JUNEAU, Alaska — A new program to deliver health care to veterans across the nation has jeopardized a system it used for a model, triggering outrage from Alaska's U.S. senators and frustration from vets.
Alaska's network, built of necessity in a massive state where many communities are accessible only by plane or boat, allowed veterans to receive care closer to home, regardless of whether the facilities were run by the U.S. Department of Veterans Affairs. It meant veterans no longer had to travel to cities such as Anchorage — or even Seattle — for treatment at VA facilities and didn't have to endure the long wait times that veterans in other parts of the country experienced.
In the face of a national scandal over long wait times and falsified records at VA facilities, members of Congress took note of Alaska's approach in passing the Choice Act. The law called for creation of a temporary program that allows veterans across the nation to seek treatment at clinics and hospitals outside of the VA system if they face waits of more than 30 days or live more than 40 miles away from a VA facility.
But the Alaska program was temporarily put on hold as VA attempted to implement the Choice Program, drawing criticism from U.S. Sens. Lisa Murkowski and Dan Sullivan as some veterans said it created complications.
Sullivan, a Marine Corps reservist, called for a congressional hearing to deal with what he called a "rapidly emerging crisis of care for Alaska's veterans."
Navy veteran Don Roberts, who lives in Kodiak, said the Choice Program has left him frustrated. He had made an August appointment for knee surgery, but was told by VA that he had to go through the third-party administrator helping coordinate care through the Choice Program, essentially making him his own case manager.
"How many veterans' lives are going to be screwed over because this was not planned well, it wasn't implemented well?" he asked.
The Alaska system has relied heavily on partnerships between VA and tribal health centers. Under the program veterans could see doctors without having to travel to the nearest VA facility.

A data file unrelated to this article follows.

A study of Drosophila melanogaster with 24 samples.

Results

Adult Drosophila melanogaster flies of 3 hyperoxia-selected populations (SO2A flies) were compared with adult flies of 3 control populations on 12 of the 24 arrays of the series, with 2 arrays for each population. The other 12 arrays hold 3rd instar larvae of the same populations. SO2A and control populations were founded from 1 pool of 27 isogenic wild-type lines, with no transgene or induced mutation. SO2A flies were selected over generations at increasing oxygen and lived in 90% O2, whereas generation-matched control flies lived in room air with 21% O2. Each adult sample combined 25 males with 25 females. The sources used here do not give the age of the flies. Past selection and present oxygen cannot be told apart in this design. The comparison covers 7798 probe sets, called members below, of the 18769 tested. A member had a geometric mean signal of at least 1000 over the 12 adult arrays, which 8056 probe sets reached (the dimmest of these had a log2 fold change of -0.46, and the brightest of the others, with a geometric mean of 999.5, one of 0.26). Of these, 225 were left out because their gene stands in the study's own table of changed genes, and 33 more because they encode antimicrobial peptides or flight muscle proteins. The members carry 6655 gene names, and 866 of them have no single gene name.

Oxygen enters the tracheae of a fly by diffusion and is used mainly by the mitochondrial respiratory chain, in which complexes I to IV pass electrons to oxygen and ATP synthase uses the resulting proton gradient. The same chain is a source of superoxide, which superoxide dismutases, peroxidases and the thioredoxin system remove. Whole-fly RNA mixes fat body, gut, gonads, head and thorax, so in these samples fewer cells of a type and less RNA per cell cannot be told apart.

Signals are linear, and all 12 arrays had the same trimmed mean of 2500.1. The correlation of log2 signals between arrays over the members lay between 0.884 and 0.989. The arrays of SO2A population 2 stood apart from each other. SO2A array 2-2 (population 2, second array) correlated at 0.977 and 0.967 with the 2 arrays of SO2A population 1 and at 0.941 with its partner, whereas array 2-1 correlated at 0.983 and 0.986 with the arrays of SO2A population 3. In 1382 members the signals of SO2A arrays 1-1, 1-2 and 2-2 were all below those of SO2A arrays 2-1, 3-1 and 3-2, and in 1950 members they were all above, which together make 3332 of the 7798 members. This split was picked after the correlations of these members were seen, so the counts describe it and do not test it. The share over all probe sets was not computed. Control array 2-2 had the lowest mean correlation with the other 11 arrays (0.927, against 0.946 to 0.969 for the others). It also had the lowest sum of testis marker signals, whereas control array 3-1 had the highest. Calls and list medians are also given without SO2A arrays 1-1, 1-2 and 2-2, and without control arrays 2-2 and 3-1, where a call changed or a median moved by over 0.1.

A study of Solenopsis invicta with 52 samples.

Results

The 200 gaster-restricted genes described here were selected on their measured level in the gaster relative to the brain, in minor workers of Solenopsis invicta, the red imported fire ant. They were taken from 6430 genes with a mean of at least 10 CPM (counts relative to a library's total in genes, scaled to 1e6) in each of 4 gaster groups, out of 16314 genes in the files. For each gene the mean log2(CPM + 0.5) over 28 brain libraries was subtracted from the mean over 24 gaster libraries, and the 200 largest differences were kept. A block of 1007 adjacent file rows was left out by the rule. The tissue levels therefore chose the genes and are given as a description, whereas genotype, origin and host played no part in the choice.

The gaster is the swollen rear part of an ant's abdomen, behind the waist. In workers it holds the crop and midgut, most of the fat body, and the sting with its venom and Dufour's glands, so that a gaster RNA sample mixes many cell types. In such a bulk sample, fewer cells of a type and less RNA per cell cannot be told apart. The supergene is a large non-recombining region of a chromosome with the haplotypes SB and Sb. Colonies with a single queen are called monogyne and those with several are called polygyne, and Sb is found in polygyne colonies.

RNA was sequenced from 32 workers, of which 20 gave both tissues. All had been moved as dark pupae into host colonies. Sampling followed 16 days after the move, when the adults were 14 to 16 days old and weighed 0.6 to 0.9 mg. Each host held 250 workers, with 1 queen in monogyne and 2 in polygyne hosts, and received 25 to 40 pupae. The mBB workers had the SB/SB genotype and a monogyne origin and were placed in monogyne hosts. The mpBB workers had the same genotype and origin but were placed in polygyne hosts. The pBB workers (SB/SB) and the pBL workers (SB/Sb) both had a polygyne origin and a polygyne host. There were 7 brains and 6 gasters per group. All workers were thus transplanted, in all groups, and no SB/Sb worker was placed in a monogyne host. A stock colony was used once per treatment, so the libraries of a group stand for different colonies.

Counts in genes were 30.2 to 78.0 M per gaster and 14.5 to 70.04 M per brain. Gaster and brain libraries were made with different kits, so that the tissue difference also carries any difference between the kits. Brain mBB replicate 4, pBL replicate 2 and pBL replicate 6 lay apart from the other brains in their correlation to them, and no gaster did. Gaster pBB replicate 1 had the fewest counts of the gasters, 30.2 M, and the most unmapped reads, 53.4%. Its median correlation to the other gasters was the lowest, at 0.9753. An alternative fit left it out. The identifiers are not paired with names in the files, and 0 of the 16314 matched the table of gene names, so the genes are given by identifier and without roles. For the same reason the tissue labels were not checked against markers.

Concerns with the Choice Program include a limited number of participating doctors and low reimbursement rates.
Murkowski, in hearings with VA officials, had sought assurances the state's existing arrangements would not be eroded by the Choice Program. She laid out her concerns with the situation that has emerged in a letter to VA Secretary Bob McDonald last month. Her office said in an email to The Associated Press that the senator had been skeptical about the Choice Act, but supported it "after gaining assurances that its passage would not interfere with Alaska's successful model of care."
Sullivan, meanwhile, this week requested the Senate Veterans Affairs committee hold an oversight hearing. "Put succinctly: The VA Choice Program in Alaska has created chaos and has resulted in a rapidly emerging crisis of care for Alaska's veterans."
The VA has responded by agreeing to work with Alaska officials to fund the state-level partnerships with Department of Defense and tribal health facilities at least through the end of September.
Shawn Bransky, interim associate director with the Alaska Veterans Health Care System, said the VA has no interest in ending the partnerships established in recent years under Alaska's care program. He said VA officials intend to continue the state program in the next budget year, which begins Oct. 1, but it's not clear how much funding the agency will have to do that.
Bransky said there has been a push to increase the number of Alaska facilities involved in the Choice Program and that it can be successful in the state. "The important thing for us is to make sure, beyond anything else, of course, that the veteran is taken care of," he said.
Roberts, of Kodiak, thinks the VA will eventually sort the problem. "But what's going to happen in the meantime?" he asked.